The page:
Ayyam Fakherddeen/ The Days of Fakhr Eddeen (Baalbeck 1966)
The story begins in the year 1618 when the people of Lebanon are hurrying to welcome their prince Fakhr Eddeen from his return in Toscana where he has been in exile. During the ceremony, the people offer him rich gifts as their tokens of love and loyalty. Itr Allayl, a young girl from Antilias, presents him with a sword of gold. Her song and her message go so deeply into the heart of the prince that he asks her to continue her singing as an inspiration to himself and to all of her countryfolk. Her message becomes a symbol for the building of Lebanon.
But the times are not easy and there is so much to be accomplished. Koujok Ahmad, an Osmani protégée raised in the palace, is now an officer in the army of the prince. He requests an important position but his wish is refused. Koujok is unhappy and therefore conspires to overthrow the prince. He seeks the aid of Princess Mountaha who is the daughter of an influential family which has been overshadowed by Fakhr Eddeen. Koujok succeeds in the inflaming the Osmani Sultan with rage when he reveals that Fakhr Eddeen aims a building a powerful Lebanon and endangering the interests of the Ottoman Empire. Therefore, the diplomatic Sultan tries to win the loyalty of the prince and the Lebanon by endowing him with special title "The Sultan of Al Barr". In exchange of this honor, the Sultan asks Fakhr Eddeen to give up his projects for the construction of Lebanon. Fakhr Eddeen refuses to do so with the excuse that the purpose of his projects are to consolidate his friendship and loyalty with the Ottoman Empire.
Fakhr Eddeen begins to expand and clashes with Mustafa Basha who is the governor of Damascus. A disagreement starts when the Governor refuses to hand over the administration of Nablus and Ajloun to Fakhr Eddeen. A great battle takes place at Anjar and the prince wins taking Mustafa Basha as prisoner. the prince graciously releases him stating that he only wants peace.
The successes of the Prince inflame the grudge of the Koujak and Princess Mountaha. Koujok desires to go directly to Istanbul to convince the authorities that they should hasten and fight the Prince before he becomes too powerful. Mountaha thinks differently and suggests fighting the Prince without a war. Koujok refuses and leaves for Istanbul.
Itr Allayl meets the Princess by chance. The Princess is unable to carry the weight of her grudge and regrets her mistake. Lebanon is now prosperous with commerce and the ships fill the newly constructed ports. Suddenly the news comes from Istanbul that a huge army of one hundred thousand soldiers is heading for Lebanon. Even though the army of the Lebanon consists of only twenty five thousand men, they bravely prepare to defend their country. The people hope for an early rainy season which will block the mountain passes and stop the invaders.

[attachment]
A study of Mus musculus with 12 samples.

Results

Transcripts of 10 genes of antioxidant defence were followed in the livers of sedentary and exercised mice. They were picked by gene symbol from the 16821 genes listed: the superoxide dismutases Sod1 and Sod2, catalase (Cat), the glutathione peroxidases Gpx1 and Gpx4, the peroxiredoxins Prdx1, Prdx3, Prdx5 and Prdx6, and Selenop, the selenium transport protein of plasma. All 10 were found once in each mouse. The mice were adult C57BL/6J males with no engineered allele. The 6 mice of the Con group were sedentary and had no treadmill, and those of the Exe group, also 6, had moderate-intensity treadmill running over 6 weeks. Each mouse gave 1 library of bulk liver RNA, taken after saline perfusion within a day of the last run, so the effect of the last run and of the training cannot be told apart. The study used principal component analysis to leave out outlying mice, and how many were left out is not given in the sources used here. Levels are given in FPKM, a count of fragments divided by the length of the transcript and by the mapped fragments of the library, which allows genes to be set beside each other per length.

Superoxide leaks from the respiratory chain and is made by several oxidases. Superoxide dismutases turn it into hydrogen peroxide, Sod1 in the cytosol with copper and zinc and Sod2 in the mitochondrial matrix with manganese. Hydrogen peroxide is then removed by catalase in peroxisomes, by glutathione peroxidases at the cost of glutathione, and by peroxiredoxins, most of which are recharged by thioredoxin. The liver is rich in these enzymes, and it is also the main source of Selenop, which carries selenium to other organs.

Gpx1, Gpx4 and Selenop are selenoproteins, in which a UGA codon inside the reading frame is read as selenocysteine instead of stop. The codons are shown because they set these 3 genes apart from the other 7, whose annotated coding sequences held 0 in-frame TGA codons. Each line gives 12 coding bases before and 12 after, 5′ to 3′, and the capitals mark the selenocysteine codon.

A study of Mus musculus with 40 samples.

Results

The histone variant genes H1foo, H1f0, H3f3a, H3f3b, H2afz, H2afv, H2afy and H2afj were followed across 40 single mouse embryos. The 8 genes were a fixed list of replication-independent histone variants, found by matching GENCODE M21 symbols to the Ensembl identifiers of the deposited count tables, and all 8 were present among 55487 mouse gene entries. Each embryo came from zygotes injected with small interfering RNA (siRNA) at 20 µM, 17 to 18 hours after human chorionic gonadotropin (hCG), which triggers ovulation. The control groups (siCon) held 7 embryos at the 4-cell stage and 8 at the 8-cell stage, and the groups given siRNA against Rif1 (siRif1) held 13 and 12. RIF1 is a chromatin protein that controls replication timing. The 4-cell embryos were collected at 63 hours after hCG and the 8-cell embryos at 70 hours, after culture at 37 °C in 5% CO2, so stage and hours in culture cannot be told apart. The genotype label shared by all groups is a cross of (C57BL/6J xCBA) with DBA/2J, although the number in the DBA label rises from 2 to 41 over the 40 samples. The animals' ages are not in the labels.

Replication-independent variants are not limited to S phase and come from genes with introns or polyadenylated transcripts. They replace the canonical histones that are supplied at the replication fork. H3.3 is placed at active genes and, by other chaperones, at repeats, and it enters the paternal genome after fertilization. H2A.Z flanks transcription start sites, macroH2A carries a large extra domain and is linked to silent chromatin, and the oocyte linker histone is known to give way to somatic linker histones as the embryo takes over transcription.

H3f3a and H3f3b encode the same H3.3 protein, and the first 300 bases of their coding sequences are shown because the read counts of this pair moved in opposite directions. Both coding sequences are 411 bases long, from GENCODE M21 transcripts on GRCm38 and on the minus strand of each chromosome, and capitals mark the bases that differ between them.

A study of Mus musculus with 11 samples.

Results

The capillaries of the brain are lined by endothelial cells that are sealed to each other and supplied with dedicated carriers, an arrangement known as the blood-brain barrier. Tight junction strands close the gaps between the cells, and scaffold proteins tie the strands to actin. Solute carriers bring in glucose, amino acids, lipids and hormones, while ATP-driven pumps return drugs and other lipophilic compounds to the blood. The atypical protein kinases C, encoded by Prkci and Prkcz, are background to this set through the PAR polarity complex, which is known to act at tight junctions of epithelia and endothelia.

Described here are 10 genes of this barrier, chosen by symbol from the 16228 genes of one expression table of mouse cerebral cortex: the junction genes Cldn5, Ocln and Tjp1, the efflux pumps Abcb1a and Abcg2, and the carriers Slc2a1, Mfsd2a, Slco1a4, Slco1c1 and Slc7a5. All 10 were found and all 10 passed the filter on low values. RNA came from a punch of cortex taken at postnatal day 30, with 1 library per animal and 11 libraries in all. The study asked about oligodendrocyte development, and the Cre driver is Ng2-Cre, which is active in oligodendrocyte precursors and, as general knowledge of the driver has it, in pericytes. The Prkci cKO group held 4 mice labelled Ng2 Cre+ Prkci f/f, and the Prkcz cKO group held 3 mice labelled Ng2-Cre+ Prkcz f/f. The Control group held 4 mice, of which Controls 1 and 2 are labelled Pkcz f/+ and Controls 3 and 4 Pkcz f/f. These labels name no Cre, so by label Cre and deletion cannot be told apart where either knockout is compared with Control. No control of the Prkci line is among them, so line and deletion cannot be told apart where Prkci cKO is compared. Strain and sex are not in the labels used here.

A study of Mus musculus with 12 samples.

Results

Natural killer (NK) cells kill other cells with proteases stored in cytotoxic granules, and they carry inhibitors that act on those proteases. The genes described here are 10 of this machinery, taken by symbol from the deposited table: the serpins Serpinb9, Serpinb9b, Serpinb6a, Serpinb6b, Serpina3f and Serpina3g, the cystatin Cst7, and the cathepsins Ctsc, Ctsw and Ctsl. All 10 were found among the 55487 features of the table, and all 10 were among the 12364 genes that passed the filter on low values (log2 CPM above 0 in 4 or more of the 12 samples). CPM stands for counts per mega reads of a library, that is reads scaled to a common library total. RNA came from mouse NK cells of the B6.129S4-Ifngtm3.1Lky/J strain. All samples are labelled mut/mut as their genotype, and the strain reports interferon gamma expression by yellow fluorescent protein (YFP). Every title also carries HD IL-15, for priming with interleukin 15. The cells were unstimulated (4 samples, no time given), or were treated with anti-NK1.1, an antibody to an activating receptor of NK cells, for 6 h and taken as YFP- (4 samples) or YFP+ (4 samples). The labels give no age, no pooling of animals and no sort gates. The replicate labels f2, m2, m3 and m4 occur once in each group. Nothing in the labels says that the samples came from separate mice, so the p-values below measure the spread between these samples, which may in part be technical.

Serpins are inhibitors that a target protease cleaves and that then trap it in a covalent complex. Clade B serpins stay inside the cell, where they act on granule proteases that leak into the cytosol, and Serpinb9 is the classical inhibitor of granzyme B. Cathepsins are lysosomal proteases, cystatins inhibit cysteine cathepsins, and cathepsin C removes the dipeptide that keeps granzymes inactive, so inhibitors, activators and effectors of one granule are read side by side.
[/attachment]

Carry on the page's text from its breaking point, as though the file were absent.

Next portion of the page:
Itr Allayl grows anxious over the war. The prince consoles with her and explains that the issue is a worthy one since it concerns the building of a country and a nation. The Prince replies: "I must personally prove to my people and the enemy that Lebanon is made to live and can live." Her father tries to calm her by telling her that great men have great dreams. He says "The fate of Fakhr Eddeen is the fate of Lebanon."
... And comes the end
Fakhr Eddeen seeks refuge in a cave in Jezzine. Itr Allayl seeks him out in his hiding place and finds him alone with only a few of his most loyal friends. The winter season is exceptionally late this year and there is danger of discovery from one of the scouting parties of the enemy.
A mercenary soldier discovers the hiding place of the prince and reveals the secret to Koujok Ahmad. Koujok encircles the cave and demands that the prince surrenders. The faithful friends of the Prince anxiously await his orders to fight the Osmani traitor. The Prince replies: "What has happened is enough, we should not destroy what we have built. We did what we had to do and this is our fate. The enemy wants only me, the bargain is for me alone."
Itr Allayl refuses to believe that the Prince must leave Lebanon. When she asks: "Is it true that you are surrendering?" The Prince replies: "Did the people build the country and did they plant the land and did they erect the bridges?" Itr Allayl answers that all has been accomplished. The Prince then proudly exclaims: "My girl, my departure is not important, the important issue is that the Lebanon exists now and forever."
Fakhr Eddeen surrenders to the enemy and Itr Allayal in her grief begins to sing. Suddenly her grief changes to happiness as she realizes that Lebanon will live and remain. She inspires everyone with her feelings until all join her in the song. Heroes depart but their stories never end.
Based on real events, the Rahbani Brothers wrote this epic for Baalbeck festivals of 1966. For the plot, refer to the booklet summary. As for the audio, it's good but it changes in volume and quality in some parts but not to the extent to make it unenjoyable. The dialogues/songs are divided into three tracks on each disc. Let's hope the play will be re-issued at better quality. In the end, it's a great play with great songs and a great plot.
Fairuz as Itr Allayl, Nasri Shammesddin as Fakhr Eddeen and Philemon Wehbe as Bou Gergi
With Huda Haddad, Siham Chammas, Salah Tizani, Joesph Nassif, Mohamed Merhi, Elie Choueri, William Haswani, Renee Haswani, Said Azar, Michel Haj, Melhem Barakat, Roger Assaf, Madona Ghazi and Andre Gedeon. Written by the Rahbani Brothers and directed by Sabri Sharif.